Kazakhstan & Central Asia Telecommunications Report Q3 2011
Wednesday 31 August 2011
(Press release) – Business Monitor International’s Central Asia Telecommunications Report provides industry professionals and strategists, corporate analysts, telecommunication associations, government departments and regulatory bodies with independent forecasts and competitive intelligence on Central Asia’s telecommunications industry.
- Kazakhstan, Tengiz – 1.4Ghz SD27 Antenna
(Courtesy Stella Doradus)
BMI’s Q311 update on the telecoms markets of Kazakhstan and its four Central Asian neighbours is built on new mobile subscriber data for Q111, ending March 31 2011, regulatory data and local press reports. Using this data, we have revised our five-year growth forecasts for the development of the region’s five mobile markets. In addition, we have reviewed our five-year forecasts for the development of Central Asia’s fixed and mobile broadband subscriber markets this quarter. Therefore, we include customers who use devices such as netbooks and USB sticks to connect to the internet wirelessly through a high-speed (3G/HSPA) network; however, we do not include Smartphone users, only dedicated mobile data subscriptions. In the past few months, operators in countries such as Uzbekistan and Tajikistan have been have been introducing various promotions, to encourage greater data customer growth and service usage.
In December 2010 Kyrgyzstan became the latest Central Asian republic to introduce third-generation (3G) mobile services, although LTE networks had already been launched in Uzbekistan and Kazakhstan in 2010 by Kazakh mobile market leader K-Cell, which is owned by the Nordic carrier TeliaSonera, and Uzdunrobita operating as MTS Uzbekistan. BMI forecasts that mobile broadband services based on UMTS/HSPA and LTE technology will make a strong contribution to the growth of internet services in Central Asia because of the limited scope of fixed broadband growth due to a lack of existing infrastructure, income-constrained demand and challenging geography. Our new broadband forecasts for Tajikistan, Uzbekistan and Kazakhstan envisage stronger growth as a result of the impact of mobile broadband services. In the long term, BMI believes the spread of mobile broadband services have the potential to stifle the success of competing wireless technologies such as WiMAX and satellite. Meanwhile, in November 2010 3G services were launched in Turkmenistan when MTS Turkmenistan launched a 3G network in the capital Ashgabat. However, the following month it was announced that MTS’ operating licence had been suspended by the Turkmen government. At the time of writing, MTS remained offline and was proceeding with its lawsuit against two state-owned operators Turkmentelecom and mobile subsidiary Altyn Asyr, regarding the termination of interconnection agreements. BMI believes the revocation of MTS’ licence will be to the detriment of the Turkmen market in terms of a loss of competition and international expertise.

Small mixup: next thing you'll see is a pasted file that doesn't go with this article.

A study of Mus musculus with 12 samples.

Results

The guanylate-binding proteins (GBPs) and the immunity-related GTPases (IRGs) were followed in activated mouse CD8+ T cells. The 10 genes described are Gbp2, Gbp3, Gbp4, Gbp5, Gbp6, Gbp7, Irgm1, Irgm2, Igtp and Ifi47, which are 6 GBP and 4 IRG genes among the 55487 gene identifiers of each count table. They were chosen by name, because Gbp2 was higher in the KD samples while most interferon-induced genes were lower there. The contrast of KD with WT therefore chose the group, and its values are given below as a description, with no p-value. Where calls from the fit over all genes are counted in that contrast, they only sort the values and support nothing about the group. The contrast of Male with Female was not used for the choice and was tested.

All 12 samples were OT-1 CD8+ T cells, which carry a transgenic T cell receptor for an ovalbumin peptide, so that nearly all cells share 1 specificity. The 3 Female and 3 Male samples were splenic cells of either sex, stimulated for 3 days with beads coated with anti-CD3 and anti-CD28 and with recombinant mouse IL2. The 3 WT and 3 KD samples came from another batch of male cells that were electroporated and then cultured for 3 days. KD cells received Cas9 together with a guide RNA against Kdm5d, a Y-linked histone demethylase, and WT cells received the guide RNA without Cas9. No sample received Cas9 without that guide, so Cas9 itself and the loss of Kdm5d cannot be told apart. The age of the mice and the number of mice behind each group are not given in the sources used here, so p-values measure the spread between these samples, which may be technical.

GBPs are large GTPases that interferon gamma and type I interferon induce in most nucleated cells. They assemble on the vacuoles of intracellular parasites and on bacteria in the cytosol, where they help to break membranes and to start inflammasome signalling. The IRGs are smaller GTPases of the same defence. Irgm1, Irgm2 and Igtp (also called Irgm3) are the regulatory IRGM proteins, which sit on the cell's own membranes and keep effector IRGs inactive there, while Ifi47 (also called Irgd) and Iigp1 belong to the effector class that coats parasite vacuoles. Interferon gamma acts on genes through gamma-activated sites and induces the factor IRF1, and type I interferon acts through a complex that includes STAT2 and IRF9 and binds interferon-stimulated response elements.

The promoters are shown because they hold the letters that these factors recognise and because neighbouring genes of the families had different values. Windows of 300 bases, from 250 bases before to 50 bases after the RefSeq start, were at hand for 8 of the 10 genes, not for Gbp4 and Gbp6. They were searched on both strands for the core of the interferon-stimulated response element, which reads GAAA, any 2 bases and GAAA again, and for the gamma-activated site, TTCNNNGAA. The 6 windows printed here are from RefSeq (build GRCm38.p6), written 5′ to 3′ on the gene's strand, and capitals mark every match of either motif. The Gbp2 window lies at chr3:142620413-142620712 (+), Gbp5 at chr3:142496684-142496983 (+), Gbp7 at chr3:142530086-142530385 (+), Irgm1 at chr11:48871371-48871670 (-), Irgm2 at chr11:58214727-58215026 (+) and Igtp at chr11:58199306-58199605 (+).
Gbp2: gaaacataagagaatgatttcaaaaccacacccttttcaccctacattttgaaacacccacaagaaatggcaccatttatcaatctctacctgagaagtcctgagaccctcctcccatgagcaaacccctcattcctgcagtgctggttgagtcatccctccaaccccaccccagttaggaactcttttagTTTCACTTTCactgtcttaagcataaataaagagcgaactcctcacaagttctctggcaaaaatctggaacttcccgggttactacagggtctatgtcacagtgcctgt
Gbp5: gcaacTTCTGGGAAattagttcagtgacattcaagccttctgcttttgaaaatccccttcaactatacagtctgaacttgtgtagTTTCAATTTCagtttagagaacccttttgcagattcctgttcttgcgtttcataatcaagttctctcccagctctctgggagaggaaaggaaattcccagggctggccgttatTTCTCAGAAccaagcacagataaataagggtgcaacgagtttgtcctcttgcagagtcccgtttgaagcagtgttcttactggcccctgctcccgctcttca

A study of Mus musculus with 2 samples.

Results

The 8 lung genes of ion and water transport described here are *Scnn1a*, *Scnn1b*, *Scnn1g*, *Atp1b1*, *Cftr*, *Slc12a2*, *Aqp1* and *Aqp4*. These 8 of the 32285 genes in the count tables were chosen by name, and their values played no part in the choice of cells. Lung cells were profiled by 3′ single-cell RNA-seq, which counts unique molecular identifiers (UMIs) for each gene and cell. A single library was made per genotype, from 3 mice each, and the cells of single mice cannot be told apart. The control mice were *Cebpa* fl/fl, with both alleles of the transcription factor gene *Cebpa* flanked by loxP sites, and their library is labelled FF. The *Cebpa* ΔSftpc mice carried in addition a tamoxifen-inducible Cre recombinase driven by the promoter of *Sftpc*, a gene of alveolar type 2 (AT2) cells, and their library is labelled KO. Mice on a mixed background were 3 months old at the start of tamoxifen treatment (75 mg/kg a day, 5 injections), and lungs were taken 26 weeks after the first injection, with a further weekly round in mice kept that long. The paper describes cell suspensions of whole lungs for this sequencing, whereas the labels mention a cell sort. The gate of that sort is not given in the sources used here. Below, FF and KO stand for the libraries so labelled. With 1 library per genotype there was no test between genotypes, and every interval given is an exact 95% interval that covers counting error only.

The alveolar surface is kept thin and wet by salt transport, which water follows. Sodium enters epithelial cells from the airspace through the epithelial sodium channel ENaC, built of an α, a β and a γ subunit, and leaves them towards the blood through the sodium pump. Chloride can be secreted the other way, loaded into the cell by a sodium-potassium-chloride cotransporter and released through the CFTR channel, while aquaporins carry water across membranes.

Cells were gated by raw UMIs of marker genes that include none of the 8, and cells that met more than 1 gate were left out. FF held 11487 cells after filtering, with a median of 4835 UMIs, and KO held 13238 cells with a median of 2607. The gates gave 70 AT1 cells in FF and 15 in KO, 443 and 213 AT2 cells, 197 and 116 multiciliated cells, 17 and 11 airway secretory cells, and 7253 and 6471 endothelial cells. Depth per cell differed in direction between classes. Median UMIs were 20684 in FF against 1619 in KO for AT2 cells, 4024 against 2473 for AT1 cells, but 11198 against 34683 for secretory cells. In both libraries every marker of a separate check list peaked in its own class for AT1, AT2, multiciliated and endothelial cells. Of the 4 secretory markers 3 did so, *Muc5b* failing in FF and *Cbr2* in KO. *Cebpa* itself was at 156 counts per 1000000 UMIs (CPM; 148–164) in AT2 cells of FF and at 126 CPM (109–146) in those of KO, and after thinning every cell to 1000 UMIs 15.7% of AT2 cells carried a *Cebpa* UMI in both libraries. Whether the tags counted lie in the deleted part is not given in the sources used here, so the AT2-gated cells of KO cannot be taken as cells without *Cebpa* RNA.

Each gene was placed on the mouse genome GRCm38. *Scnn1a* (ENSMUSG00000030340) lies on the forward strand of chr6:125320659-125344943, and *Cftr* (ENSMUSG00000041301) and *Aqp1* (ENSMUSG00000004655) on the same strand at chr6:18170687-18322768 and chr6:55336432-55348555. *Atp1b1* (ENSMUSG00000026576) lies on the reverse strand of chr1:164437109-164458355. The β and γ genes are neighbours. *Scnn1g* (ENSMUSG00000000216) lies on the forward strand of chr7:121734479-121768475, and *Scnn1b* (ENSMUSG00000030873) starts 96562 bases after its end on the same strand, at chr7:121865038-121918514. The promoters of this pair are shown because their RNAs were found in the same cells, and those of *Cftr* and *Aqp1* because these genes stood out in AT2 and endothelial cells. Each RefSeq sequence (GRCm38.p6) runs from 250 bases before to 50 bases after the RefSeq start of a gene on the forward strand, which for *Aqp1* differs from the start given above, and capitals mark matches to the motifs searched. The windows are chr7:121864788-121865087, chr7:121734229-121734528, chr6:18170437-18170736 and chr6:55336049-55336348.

The Russian foreign ministry announced on March 7 2011 that it will protect the interests of local telecoms operator Mobile TeleSystems (MTS) in its dispute with Turkmenistan. MTS has itself responded by writing to international firms with the aim of discouraging them from investing in Turkmenistan. Meanwhile, the Ministry of Foreign Affairs in Turkmenistan has expressed its interest in initiating negotiations with the Russian operator on the buyout of its assets in the country.
The situation became a political issue beyond telecoms after the military were called in to control crowds in early April 2011, after hundreds of customers stormed Altyn Asyr stores when it suspended the distribution of SIM cards due to network congestion problems. The operator began offering vouchers that could be used to acquire a SIM card from May 2011. Only public officials or foreign nationals are currently being issued SIM cards. One positive ramification from the SIM issuance suspension is the political pressure it applies to the Turkmen leadership. Earlier in April, the President of Turkmenistan, Gurbanguly Berdymukhamedov, was forced to respond to the political implications of the SIM shortage by criticising the operator’s poor service. He argued poor work organisation is the cause of the low efficiency. He demanded measures be taken immediately to guarantee the high quality of mobile services across the country and obliged the government to establish private companies and joint ventures with foreign businesses. Huawei Technologies and Nokia Siemens Networks have since won contracts for an urgent upgrade of the Altyn Asyr network, according to local reports.